Moving to Europe 101
Well, isn’t this an adventure of a lifetime? Europe is a wonderful place to be in, whether you plan on visiting as a tourist or staying as a full-fledged resident. Moving to Europe has its challenges and certain things that require some getting used to. However, when you know what’s in store and are able to prepare adequately, you have nothing but joyous time to look forward to. And the following text is all about familiarizing you with the upcoming events, tasks, and possible surprises.
Taking care of things prior to your flight
Before you put on your beret and buy your first baguette, there are things at home that require some taking care of. These tasks regard legal and financial actions. The former ones include:
- Inform the tax authorities of your leave. It will most likely come down to you filling out forms that tell the authorities you are no longer tax resident in your home country. As a non-resident, for example, you are no longer obliged to pay tax on your savings accounts. Certainly, that’s some money you would like to keep.
- Sort out your current pension. In most cases, American and Canadian pensions cannot be moved. Australian residents can move their pensions to Europe after they’ve been resident 12 months abroad. Have this in mind when planning your move to Europe.
- Set up a new pension scheme. See with your new employer what can be done about your new pension plan. Know that you can set up a European Union Retirement Benefits Scheme if your employer fails to be of help.
- See what you will do with your current residence. That is, whether you are going to sell or rent it.
While the latter ones are:
- Set up a direct debit to pay off your credit card. It comes out as very useful for booking international flights and for other purchases online which may not accept debit cards.
- Renew any bank cards you might have. In addition, you ought to make sure that your current bank card isn’t going to expire whilst abroad.
- Have a word with a financial adviser. Chances are you are going to need new advice as you may have to move some of your investments around for tax & currency planning purposes.
Moving to Europe means familiarizing with the culture
While moving down the block is made easy with residential movers Miami, moving to Europe does require more effort. After you’ve taken care of all the technicalities previously mentioned, it’s time to get to know the country you are moving to. Now, since we are unaware of your future location, we will speak of Europe in general, mainly accentuating the differences it has with the USA.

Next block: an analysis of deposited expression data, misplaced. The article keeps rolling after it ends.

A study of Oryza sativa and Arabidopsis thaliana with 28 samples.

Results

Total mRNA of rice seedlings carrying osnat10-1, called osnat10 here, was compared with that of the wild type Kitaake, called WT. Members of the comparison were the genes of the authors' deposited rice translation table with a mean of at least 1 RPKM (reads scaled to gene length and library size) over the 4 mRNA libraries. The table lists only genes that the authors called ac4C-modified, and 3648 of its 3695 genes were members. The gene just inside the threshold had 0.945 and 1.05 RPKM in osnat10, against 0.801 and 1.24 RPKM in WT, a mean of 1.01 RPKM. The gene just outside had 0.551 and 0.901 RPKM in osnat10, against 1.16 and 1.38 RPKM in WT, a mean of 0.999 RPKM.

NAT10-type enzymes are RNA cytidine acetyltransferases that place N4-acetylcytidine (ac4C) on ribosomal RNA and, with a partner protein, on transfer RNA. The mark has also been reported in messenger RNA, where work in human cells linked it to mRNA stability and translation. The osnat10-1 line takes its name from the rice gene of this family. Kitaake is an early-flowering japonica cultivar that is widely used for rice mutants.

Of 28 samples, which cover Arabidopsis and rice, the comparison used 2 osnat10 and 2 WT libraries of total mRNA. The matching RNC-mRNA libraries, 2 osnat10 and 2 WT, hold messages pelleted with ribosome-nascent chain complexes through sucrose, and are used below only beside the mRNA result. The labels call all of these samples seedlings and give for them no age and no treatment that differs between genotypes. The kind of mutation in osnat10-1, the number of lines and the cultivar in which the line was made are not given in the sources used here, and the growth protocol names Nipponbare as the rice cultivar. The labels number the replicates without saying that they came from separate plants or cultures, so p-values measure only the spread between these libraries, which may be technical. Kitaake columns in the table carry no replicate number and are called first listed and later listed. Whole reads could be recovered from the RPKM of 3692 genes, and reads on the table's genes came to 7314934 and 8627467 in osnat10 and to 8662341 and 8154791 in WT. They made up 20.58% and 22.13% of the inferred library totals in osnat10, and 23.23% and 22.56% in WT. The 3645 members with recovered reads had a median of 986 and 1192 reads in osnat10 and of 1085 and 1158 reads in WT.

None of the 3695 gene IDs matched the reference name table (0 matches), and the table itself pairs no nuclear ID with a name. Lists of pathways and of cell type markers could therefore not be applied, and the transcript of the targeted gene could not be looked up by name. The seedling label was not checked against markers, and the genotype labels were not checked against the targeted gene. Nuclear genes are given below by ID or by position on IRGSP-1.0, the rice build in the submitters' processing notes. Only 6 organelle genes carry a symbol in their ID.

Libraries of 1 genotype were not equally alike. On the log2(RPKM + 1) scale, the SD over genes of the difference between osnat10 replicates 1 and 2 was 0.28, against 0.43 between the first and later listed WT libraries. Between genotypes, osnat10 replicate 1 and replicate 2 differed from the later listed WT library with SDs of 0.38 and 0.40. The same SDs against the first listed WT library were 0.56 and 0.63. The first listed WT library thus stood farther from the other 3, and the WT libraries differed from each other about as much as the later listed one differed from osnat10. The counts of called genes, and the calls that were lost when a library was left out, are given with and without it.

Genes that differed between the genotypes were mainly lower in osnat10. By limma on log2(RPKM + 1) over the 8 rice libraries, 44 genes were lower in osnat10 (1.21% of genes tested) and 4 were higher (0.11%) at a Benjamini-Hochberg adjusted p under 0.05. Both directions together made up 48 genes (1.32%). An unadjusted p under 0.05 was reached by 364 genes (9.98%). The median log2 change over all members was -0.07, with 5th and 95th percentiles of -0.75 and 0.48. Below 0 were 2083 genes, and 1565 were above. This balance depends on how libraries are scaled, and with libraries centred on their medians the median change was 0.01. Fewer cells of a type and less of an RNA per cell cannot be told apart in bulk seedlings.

Traffic and transportation
Roads are narrower and cars are smaller throughout the whole of Europe. This can take some getting used to. Europeans drive a car with a manual shift gear, as opposed to Americans, who utilize the automatic option. In addition, Europeans tend to drive less, since public transportation systems are a lot better than those across the pond. Buses, trams, and metros are all very available and reliable. And for those of you who like to take an alternate route and rent a bike, know that many places have designated bike lanes throughout the cities.
Portions you get in a European restaurant are much smaller than those in America. This stands for both food and drinks. Of course, when in the US, you can see this as getting the biggest bang for your buck. However, since Americans are getting fatter, chances are you don’t really need that much. Europeans don’t have XL sizes in groceries, foods, drinks, and, consequently, not many in clothes.
While on the matter of clothes, it’s worth noting that the Europeans dress much better than Americans in general. This rule especially applies to women in Central and Eastern Europe. It is highly unlikely you will see anyone go to a mall or anywhere outside wearing baggy sweatpants, big sweatshirt, bright white tennis shoes, out of style jeans or out of style clothes of any kind, and without makeup. It is simply a part of the culture. Both men and women pay special attention to their clothing choices.
Tips and tax
Unlike in the US, where you are more or less expected to tip, even for the long distance moving companies in Miami, Europe sees it as an action conducted at your own discretion. What’s more, while the American employee expects 18-20%, in Europe 10% will suffice. Of course, high-end restaurants will expect a greater tip, but it’s all up to you whether you decide to leave it. Also, the price that you see is the price that you get. Tax is already figured into the price of the meal, so no surprises at the bottom of the bill are included.
Methods of payment
Get used to a lot of coins! Most European countries, regardless of the currency, use a wide range of coins for their smaller units. This can become quite arduous, and quite frankly heavy. That is a lot of metal you will carry. And, while the 1 and 2 Euro cent coins don’t have that much value, 50kc coin in Prague is pretty significant. As for credit cards, Europeans tend to use them less frequently than Americans. Cash is the preferred mean of payment. In the US, you can pretty much go a whole week with using just your credit card. Europe, however, has a lot of places that are ”cash only”. However, in the restaurants that take credit cards, you will see the waiter carrying a portable credit card machine. So, no need to worry about any fraudulence occurring, since all the action is happening in front of your eyes, and not in the back.
As you can see, moving to Europe means more changes than you thought of. Howbeit, not all of them are bad. And, even though it will take some time to prepare for moving abroad, you will feel all the advantages of European life in no time. Being surrounded with history, culture and diversity no other place can offer will surely help you enjoy the whole process.